Today, traffic cameras, body cams, motion sensors and more are everywhere. Internet of Things (IoT) devices are everywhere, generating more and more data. According to a recent report by IDC, the world will create 44 zettabytes of data by 2020, and 80 percent of that will be unstructured. Beyond the high amounts of data traveling over networks, another growing struggle is finding where to store all this data (and how to back it up).
While some newer, web-native companies use object storage to manage their content and move information between data centers or multiple clouds, most established enterprises are stuck managing many disparate groups of data—some even still on tape. Enterprises feel the drawbacks with tape, which aren’t always reliable and can cost precious time. Each tape backup requires someone to look up the serial number, track down the tape, then physically retrieve it to access the data.
Why object storage instead of file or block storage?
In the past, file and block storage (or NAS and SAN) made sense when on-premises storage was dependent on locality for performance, and growth was more gradual. However, we now live in an age when no one deletes anything. Especially as teams become more global, large files and projects require unwavering accessibility and speed across distributed access points. File storage’s hierarchy tree can slow down when it needs to manage billions of files, and both file and block storage can’t scale as well as object storage. Compared to file and block storage hierarchies, object storage is flat, making it simple for IT teams to access individually-tagged files quickly.
Compared to other types of storage, the cost savings from object storage is very predictable. Primary storage costs net out to the overall cost of data centers as well as the spend needed to manage them. Rather than worrying about the extra maintenance and management for various structures, organizations can merely pay as they go with object storage.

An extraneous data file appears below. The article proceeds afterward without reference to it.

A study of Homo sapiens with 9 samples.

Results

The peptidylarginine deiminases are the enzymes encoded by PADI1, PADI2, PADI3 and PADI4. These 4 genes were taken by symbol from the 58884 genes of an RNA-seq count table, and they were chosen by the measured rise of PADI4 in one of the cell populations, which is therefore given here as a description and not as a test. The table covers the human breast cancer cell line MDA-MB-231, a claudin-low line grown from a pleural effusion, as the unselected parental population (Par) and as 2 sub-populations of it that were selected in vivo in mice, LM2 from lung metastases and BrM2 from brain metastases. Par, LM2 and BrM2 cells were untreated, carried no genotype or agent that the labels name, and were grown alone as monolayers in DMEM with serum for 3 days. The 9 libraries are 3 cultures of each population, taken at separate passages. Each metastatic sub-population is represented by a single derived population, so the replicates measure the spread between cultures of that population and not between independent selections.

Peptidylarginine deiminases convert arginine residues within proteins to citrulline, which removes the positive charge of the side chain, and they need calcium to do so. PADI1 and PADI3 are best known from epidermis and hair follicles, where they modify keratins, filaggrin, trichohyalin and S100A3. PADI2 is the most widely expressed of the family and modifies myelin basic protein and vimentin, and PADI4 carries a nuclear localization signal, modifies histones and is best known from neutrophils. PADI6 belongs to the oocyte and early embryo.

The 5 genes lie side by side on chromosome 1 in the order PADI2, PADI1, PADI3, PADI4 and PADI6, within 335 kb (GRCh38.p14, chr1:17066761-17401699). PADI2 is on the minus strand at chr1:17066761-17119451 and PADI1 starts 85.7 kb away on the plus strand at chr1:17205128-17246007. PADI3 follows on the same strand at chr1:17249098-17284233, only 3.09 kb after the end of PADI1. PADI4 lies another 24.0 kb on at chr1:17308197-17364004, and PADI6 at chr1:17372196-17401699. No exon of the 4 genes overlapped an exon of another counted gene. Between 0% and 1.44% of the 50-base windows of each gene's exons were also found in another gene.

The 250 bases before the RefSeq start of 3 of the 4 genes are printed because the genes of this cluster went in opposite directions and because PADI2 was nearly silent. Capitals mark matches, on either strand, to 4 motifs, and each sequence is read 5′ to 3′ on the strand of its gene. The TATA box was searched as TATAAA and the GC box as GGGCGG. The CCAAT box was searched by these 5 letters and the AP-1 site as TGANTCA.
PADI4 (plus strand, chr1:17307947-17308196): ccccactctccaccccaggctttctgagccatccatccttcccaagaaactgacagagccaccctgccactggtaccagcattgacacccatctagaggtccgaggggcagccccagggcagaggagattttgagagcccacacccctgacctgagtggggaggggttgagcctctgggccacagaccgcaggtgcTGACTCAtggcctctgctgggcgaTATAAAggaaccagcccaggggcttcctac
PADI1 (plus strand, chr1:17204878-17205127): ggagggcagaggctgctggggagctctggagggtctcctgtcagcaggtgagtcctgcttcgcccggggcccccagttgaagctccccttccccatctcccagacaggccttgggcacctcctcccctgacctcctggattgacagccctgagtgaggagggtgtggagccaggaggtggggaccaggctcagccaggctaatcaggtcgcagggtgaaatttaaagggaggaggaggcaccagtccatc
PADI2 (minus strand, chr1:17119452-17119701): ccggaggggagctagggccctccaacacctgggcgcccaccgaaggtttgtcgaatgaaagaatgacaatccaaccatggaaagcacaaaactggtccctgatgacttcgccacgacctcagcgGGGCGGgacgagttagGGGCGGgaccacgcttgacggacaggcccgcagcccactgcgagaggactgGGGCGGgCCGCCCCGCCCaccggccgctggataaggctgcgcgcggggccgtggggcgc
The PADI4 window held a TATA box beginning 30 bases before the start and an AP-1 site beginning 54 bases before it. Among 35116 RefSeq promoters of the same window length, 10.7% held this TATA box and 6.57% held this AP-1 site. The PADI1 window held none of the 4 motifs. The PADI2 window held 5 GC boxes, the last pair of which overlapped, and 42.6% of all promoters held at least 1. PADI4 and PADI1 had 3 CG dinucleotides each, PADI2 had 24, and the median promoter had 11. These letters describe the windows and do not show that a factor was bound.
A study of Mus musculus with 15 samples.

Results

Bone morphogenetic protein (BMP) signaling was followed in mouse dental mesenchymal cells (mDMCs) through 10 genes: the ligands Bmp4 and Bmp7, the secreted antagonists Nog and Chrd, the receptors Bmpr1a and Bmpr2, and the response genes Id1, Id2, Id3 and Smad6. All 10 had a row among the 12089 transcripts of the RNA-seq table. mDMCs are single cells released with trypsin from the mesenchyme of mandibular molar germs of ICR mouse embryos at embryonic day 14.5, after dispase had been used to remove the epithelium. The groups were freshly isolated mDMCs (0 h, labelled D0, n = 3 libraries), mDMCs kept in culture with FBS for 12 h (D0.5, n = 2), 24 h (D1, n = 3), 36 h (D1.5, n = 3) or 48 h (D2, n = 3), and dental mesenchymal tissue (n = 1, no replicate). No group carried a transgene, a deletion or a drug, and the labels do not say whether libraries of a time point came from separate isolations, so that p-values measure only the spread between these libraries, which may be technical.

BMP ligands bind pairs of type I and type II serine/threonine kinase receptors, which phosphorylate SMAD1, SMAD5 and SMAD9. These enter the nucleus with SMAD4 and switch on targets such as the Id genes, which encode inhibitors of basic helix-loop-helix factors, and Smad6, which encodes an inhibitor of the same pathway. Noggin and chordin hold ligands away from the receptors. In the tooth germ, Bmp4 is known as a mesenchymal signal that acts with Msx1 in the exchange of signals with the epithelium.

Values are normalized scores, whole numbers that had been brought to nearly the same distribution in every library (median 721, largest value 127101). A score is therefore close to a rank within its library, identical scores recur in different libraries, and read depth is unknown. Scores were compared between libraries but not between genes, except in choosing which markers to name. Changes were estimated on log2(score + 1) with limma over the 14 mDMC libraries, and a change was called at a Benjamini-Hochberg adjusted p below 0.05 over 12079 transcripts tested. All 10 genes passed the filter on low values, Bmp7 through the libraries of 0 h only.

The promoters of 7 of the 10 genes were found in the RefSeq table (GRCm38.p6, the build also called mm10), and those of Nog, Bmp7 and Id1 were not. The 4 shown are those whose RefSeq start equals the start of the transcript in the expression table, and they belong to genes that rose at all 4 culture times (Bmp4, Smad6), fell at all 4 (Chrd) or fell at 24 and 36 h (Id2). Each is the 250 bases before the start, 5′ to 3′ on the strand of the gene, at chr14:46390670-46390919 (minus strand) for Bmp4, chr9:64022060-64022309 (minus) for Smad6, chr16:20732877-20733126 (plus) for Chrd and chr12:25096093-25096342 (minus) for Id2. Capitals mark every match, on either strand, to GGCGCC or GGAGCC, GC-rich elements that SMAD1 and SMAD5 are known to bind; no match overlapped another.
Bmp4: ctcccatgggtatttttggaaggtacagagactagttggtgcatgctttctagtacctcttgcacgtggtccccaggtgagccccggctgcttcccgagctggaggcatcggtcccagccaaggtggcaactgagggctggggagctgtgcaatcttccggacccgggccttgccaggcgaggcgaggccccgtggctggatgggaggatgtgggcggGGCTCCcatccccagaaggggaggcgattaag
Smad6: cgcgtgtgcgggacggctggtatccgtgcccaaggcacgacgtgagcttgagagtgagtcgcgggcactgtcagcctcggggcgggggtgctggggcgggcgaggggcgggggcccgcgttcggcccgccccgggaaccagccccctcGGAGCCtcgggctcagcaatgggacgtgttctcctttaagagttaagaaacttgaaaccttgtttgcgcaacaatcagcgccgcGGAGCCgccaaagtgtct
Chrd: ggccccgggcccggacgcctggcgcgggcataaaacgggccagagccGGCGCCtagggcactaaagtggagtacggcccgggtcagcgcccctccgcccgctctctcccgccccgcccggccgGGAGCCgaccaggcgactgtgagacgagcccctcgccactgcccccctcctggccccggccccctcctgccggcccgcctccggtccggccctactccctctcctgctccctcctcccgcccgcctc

Where does IoT stand to benefit?
As more internet-connected devices come onto the scene, enterprises will want to develop applications for them and analyze the data they produce. Object storage makes it easy to centralize IoT application development. The two also play well together by design; since object storage was developed for the internet, it’s extremely HTTP-friendly—just as IoT devices are. Because both object-based approaches and IoT devices are based on RESTful APIs, it makes it easier to push and pull information, which can be compelling for the size and speed needed for data analysis.
Who’s using object storage?
Law enforcement is an industry that’s collecting huge amounts of body cam video to catalog and manage where they’ve never needed to before. Another industry with mountains of data is healthcare. Medical organizations need to manage the digital growth of data collected from MRIs, X-rays, different test results and other large files. These organizations also need to ensure data is instantly available while adhering to compliance and regulations, which makes object storage very attractive for convenience and decreased costs associated with management. Enterprises also expect to increase the levels of business intelligence they can leverage based on where reports are stored. For example, if a research team is mapping DNA sequences, they’ll want to store and analyze the data generated from this process, making object storage an ideal approach to house the information, given its scalability and accessibility.
Media and entertainment projects are also causing enterprises to reevaluate their storage approaches. As visuals have progressed from 1080p to 4K or 8K HD to 3D, movie and video game studios are looking to object storage as a cost-effective option. Additionally, since object storage tracks change history, it lends an extra layer of security, especially if the system is infected with ransomware and needs to roll back to a previous version of the object to retrieve the files.
We hear a lot of renewed interest from clients in exploring ways object storage can save them money and alleviate headaches, but they’re unsure of where to start. To make sure a foray into object storage goes off without a hitch, you have a few options. For one, we’d recommend tapping object storage for new projects that won’t require a lot of reliance on older systems. By starting a new island, you can work through any hiccups without affecting existing data. On the other hand, we see plenty of object storage opportunity through backups. This gives you a way to move important data to an easily scalable platform without affecting production environments.
Clayton Weise is the Director of Cloud Services for Key Information Systems, where he is responsible for designing, architecting, and implementing cloud solutions, managing production workloads and leveraging cloud resources in disaster recovery, clustering and hybrid (cloud and on-premises) infrastructure solutions.